GIVEN that neither are blessed with huge amounts of credibility, the further erosion of what little both British Prime Minister Boris Johnson and United States President Donald J Trump have left has undermined them again, but neither seems too perturbed by it. Throughout last week, Johnson’s backing of his chief aide, Dominic Cummings, who blatantly broke the UK’s Covid-19 lockdown rules, shot any credibility that his now semi-dictatorial government has left and put a serious dent in its ability to get people to obey such rules now and into the future.
The Prime Minister’s refusal to call for the resignation of Cummings – who is trying to keep bumbling Boris focused through these difficult times for the country what with a pandemic, the economy and Brexit talks all proving problematic – smacks of hypocrisy, especially as Johnson himself became seriously ill with the virus, while his aide was flouting the lockdown rules and tempting fate with his lengthy trips to Durham. Some consider Cummings to be ‘the real PM,’ but he is not above the law of the land and has been rightly condemned for actions other people – such as former Scottish chief medical officer Dr Catherine Calderwood – have at least had the decency to resign over.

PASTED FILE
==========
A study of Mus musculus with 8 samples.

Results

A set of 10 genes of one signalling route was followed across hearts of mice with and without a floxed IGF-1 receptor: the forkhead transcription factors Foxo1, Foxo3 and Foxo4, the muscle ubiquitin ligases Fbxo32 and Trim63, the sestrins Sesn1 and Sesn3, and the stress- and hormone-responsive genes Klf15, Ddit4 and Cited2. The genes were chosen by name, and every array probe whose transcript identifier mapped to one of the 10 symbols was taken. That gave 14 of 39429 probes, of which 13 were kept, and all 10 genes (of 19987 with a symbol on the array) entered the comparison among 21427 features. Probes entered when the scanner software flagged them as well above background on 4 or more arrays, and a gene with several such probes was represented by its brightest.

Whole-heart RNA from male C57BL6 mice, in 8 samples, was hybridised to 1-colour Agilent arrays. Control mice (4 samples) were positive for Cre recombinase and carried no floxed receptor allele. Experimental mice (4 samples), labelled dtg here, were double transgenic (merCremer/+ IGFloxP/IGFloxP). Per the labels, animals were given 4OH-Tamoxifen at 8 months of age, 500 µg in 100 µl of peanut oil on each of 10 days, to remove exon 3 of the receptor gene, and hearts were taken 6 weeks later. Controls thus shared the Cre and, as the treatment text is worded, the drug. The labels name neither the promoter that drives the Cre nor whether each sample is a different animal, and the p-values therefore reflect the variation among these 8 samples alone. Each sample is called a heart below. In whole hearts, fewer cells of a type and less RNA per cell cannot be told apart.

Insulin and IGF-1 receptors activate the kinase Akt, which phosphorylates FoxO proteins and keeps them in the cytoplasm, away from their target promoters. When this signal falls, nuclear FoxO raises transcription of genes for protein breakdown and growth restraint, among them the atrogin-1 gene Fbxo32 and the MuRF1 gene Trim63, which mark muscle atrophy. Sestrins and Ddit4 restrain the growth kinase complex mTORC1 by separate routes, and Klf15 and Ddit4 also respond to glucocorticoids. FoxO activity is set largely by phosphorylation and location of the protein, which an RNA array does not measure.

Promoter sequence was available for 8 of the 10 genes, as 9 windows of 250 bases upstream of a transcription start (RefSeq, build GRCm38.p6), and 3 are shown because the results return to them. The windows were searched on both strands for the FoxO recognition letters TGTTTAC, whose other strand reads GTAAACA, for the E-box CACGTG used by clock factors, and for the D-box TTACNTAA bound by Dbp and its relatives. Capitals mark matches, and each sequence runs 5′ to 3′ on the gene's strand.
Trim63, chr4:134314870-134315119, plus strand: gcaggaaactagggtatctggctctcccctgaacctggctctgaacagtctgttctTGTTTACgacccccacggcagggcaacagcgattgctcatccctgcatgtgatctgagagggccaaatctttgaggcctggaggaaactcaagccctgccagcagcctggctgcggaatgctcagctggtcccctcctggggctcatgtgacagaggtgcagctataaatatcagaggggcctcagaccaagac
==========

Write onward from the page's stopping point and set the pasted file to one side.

However, resigning is not for the arrogant aide. To do so would leave Boris’s government virtually rudderless and they all know that.
Meanwhile, across the Atlantic, President Trump is being called out by Twitter – which he had been avidly using since his election to grandstand with his populist rants – and he does not like it. However, it is not before time that Twitter added ‘fact check’ labels to two of the president’s recent tweets and hid another one for ‘glorifying violence,’ rightly not allowing him free rein ahead of the presidential election.